May 20, 2014
June Wayne: The Printmaker Who Started a Renaissance

Glendale News - Press
May 20, 2014
Kirk Silsbee

The great 2011 historical survey of printmaking in Los Angeles art at the Norton Simon had the germs of several deeper exhibitions; they seemed to hang over the installation like unspoken promises. One of those directives has been partially fulfilled in the Pasadena Museum of California Art's new June Wayne retrospective. A restless maverick in her own work, she was an important enabler whose value to Los Angeles art can scarcely be overestimated. Though not as comprehensive as it might be, this lengthy suite is a good representation of an artist with a far-ranging vision.

Wayne (1918-2011) founded the Tamarind Lithography Workshop in 1960, which resulted in a SoCal print renaissance. Its operation ultimately revived the art of lithography in America. Though Tamarind only lasted a decade as a local studio (it later transmogrified into the Tamarind Institute of the University of New Mexico), it ultimately drew artists from all over the country to Los Angeles to try their hands at printmaking. The Gemini G.E.L. studio succeeded Tamarind in this continuum. Together they helped to move L.A. art onto the international stage.

A self-starter and a do-it-yourselfer, Wayne was first and foremost an explorer. The Chicago native didn't finish high school but she first exhibited her work at 17. The early paintings at the PMCA show a young artist working her way through various 'isms' on the way to an identity. A rough-hewn1936 street scene is charged with Ben Shahn-like social realism, while "The Cavern" (1948) is awash in surrealism and symbolic figure abstractions. The 1947 oil self-portrait shows two faces joined by a melded middle area, rendered fine by her pointillist brushwork.

Those symbolized figures are important early footprints for Wayne, and they denote a strong connection with the surrealists. Her long, horizontal oil "The Chase" ('49) deftly short hands many of life's challenges through dancing, pulled, vaulting, colliding, and even dismembered abstracted figures. "Cryptic Creatures" ('49), from the larger "Kafka Series," is a psychoanalyst's buffet, with suspended, stretched and clutching figures and symbols. Central to the canvas is a spotlighted female symbol with a male arrow pointing downward. Hmm…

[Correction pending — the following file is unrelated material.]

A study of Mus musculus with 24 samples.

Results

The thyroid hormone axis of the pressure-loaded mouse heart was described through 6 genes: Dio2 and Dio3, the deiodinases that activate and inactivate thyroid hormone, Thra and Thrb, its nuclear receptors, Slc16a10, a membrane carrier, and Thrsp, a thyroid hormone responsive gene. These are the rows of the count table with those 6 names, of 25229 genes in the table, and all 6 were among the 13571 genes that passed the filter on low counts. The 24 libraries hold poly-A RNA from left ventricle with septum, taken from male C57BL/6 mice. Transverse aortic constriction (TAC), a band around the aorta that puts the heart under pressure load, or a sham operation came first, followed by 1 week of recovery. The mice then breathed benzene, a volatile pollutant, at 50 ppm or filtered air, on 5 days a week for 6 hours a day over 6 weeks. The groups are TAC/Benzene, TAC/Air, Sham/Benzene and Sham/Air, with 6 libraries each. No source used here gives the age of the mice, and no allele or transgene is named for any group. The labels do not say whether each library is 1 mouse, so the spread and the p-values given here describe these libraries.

She'd made prints as early as 1949 and Wayne the printmaker was, like Wayne the painter, largely self-taught. (Lynton Kistler, the L.A. master printer had executed her early efforts.) Frustrated at a general American ignorance of printmaking techniques, she had to use a Parisian lithographer for Wayne's "Valediction of Weeping" ('58) portfolio. Appealing to the Ford Foundation with a print wish list, they underwrote the Tamarind opening with a grant. By the mid-1950s, Wayne left painting behind.

Figures — symbolic, lyrical, and expressive — were a recurring theme from the '40s through the '50s. Two figures ingeniously intertwine on a long, painted panel made of small triangle modules in "The Witnesses" ('52). Carnal litho pas de deux like "The Anniversarie" ('58), "She Is All States, and All Princess" ('57), and "Love Bed" ('58) sweetly celebrate love, though "Two Graves" ('57) and "We…Must Leave at Last in Death" ('57) grapple with mortality. She appears to have been happy in marriage yet, like most artists, concerned with the big questions of life.

Taken with social activism early on, Wayne created a series of print homages to her mother that made reference to a pacifist woman's organization. In the early '70s, Wayne opened her home to women artists for a series of strategy sessions to address the state of women in the art world.

Sometime in the '60s Wayne discovered the potential for abstract imagery in celestial and microbiological forms. She closely monitored advancements in space technology and genetic research, which would inform her work. Wayne juxtaposed textural and color-laden areas that didn't quite make a clean break with the representational. Giant thumbprints hover over celestial seascapes or dominate a color field in the '70s work.

In the '80s and '90s, Wayne pushed ahead, moving her imagery onto tapestries and using materials like acrylic and styrene on panels. Actual objects were part of the picture plane, as well as organic textures. A large silver-colored panel with a rippling surface changes light and perspective with every move by the viewer. In that, Wayne checkmated every artist who ever tried to depict an aquatic surface. She had quite a lot of ideas up her sleeve and this show gives a good accounting of that multiplicity.